Jane Van Ryan
Posted January 13, 2011
With the approval of federal and state regulators, the Trans-Alaska Pipeline (TAPS) has been restarted at a reduced rate of flow. Rather than transporting about 640,000 barrels of oil a day from Prudhoe Bay to the port at Valdez, Alaska, the pipeline is moving about 400,000 barrels per day. At Valdez, the oil flows into storage tanks for loading onto tankers bound for West Coast refineries.
Although the secondary pipe in the basement of Pump Station 1 continues to leak and the new bypass piping has not been completed, government and Alyeska Pipeline Service Co. officials agreed that operations along the massive, 800-mile pipeline should be resumed. By turning on the pumps along the pipeline's route, the oil in the pipeline is warmed and concerns about icing can be addressed. At Prudhoe Bay, Alaska, the high temperature today is expected to be -12 degrees F.
"The interim restart is an important and necessary step to restoring operations, while managing the risks of severe damage to the TAPS system that an extended winter shutdown posed," said Alyeska President Thomas Barrett in a statement. (Bloomberg)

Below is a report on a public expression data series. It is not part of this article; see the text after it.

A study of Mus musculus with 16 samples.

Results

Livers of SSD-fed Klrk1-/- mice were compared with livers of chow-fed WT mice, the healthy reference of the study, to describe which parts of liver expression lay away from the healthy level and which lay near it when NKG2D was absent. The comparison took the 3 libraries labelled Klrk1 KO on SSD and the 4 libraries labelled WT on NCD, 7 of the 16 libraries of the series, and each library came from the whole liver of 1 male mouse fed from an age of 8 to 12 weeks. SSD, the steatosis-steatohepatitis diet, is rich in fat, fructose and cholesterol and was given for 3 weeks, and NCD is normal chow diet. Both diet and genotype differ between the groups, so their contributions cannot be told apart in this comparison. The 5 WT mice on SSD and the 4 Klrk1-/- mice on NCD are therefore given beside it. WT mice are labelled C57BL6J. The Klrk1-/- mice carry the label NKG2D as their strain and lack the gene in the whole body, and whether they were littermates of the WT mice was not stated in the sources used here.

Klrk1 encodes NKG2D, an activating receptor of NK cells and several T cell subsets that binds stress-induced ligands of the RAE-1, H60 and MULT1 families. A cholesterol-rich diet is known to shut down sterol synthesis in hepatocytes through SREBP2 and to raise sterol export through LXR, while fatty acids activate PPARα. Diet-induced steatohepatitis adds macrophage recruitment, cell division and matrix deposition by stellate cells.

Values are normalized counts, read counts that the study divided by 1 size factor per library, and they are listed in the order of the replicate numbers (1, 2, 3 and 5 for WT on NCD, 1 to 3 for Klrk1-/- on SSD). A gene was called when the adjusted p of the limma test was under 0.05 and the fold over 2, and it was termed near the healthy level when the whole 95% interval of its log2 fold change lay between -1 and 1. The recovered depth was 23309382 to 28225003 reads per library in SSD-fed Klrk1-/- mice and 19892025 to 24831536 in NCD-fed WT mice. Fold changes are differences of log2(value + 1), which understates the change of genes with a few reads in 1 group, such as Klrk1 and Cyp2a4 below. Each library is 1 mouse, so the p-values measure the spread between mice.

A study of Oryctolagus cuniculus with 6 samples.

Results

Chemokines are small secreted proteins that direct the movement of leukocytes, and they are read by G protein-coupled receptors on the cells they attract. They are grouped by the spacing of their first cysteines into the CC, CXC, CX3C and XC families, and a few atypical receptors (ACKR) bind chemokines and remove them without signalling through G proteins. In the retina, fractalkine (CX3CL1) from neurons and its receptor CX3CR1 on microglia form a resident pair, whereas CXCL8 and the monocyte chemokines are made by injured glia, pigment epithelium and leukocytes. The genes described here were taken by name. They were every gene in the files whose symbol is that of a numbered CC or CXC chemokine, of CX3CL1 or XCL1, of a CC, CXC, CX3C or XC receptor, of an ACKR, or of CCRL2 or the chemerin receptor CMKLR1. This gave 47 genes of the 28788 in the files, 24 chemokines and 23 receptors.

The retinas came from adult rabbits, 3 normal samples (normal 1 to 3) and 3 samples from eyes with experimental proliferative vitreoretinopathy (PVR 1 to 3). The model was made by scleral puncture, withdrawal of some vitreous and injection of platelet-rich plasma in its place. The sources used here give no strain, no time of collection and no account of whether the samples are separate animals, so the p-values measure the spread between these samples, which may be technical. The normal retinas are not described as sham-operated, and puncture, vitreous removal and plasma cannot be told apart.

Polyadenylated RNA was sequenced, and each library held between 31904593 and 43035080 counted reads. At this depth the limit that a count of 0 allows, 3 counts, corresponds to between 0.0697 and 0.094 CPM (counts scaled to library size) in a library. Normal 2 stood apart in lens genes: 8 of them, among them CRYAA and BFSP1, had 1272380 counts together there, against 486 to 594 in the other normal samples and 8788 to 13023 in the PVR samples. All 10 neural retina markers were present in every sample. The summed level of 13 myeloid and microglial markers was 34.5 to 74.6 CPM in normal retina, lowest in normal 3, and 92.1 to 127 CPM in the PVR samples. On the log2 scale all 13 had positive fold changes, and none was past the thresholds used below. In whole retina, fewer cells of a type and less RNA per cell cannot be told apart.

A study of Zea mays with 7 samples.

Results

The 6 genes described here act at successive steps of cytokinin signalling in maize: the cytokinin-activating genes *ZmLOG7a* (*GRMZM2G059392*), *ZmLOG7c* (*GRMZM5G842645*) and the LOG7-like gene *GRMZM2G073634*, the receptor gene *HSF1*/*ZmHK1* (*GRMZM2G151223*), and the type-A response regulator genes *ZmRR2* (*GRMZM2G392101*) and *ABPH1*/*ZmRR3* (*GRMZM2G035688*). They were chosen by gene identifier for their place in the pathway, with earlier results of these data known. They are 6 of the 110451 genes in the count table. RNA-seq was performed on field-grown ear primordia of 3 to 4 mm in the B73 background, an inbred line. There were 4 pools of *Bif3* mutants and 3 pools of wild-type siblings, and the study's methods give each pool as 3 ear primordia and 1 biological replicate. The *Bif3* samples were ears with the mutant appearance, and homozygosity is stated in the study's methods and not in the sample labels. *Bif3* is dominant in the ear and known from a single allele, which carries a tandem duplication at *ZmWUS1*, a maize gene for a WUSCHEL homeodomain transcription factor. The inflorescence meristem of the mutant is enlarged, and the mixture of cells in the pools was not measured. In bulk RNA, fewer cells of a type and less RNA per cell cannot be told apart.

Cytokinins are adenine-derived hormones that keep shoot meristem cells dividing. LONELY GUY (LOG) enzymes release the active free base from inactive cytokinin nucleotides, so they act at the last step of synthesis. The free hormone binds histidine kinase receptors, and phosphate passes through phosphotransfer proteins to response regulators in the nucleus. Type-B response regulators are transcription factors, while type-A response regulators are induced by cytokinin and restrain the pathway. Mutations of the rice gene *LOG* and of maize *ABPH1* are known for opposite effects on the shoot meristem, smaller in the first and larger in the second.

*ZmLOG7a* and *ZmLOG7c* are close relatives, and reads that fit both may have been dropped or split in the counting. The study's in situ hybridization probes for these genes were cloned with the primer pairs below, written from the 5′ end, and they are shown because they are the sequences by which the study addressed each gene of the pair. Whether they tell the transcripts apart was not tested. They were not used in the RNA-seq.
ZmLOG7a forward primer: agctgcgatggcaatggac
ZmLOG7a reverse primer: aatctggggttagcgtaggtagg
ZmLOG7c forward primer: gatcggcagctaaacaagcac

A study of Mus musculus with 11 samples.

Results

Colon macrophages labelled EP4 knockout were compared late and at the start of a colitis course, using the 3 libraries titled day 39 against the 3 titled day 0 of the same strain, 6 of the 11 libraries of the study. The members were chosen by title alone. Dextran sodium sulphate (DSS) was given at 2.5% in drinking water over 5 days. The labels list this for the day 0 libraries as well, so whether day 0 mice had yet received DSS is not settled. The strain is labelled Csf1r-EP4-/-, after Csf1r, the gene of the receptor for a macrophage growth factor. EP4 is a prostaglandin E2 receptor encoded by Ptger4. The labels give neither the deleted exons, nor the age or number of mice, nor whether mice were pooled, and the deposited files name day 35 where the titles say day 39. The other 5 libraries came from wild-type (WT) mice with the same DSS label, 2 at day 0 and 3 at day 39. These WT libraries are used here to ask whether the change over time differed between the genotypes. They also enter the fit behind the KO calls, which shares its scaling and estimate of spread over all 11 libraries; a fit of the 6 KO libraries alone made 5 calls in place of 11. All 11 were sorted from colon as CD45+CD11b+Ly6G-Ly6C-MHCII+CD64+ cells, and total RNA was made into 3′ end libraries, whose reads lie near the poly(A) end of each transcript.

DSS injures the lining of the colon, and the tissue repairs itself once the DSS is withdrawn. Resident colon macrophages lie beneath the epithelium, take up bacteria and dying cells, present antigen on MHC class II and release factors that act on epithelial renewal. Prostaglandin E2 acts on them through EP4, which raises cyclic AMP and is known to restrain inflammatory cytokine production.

Restarting the pipeline also will aid the removal of a pig that has become stuck in the icy pipeline. Not to be confused with a farm animal, a pig is a cylindrical mechanical device, often equipped with highly sophisticated sensor technology, that travels through a pipeline to clean and inspect it. The Fairbanks Daily News-Miner reports that the got stuck on Saturday when it encountered icing. It is to be removed at Pump Station 8.
The pipeline will be shut down for about 36 hours Friday and into the weekend to install the 157-foot bypass piping. About 450 workers have responded to the incident and are working around the clock. According to the Unified Command's last update, 29 barrels of oil have leaked into the basement of Pump Station 1 and vaccum trucks are removing it.
News of the pipeline shutdown, Labor Department figures showing increasing jobless claims, and wintry weather put upward pressure on global oil prices yesterday. The price of oil closed at $91.86 yesterday, which was the highest settlement price since Oct. 3, 2008.
ABOUT THE AUTHOR
Jane Van Ryan was formerly senior communications manager and new media advisor at the American Petroleum Institute (API), where she wrote blog posts and produced podcasts and videos. Before coming to API, Jane managed communications for a large science and engineering corporation, and for a top-tier research and engineering university. A few years ago, you might have seen her in your living room when she delivered the news on television. Jane officially retired from API in 2011 and now freelances as an independent communications consultant when not gardening at her farm in Virginia.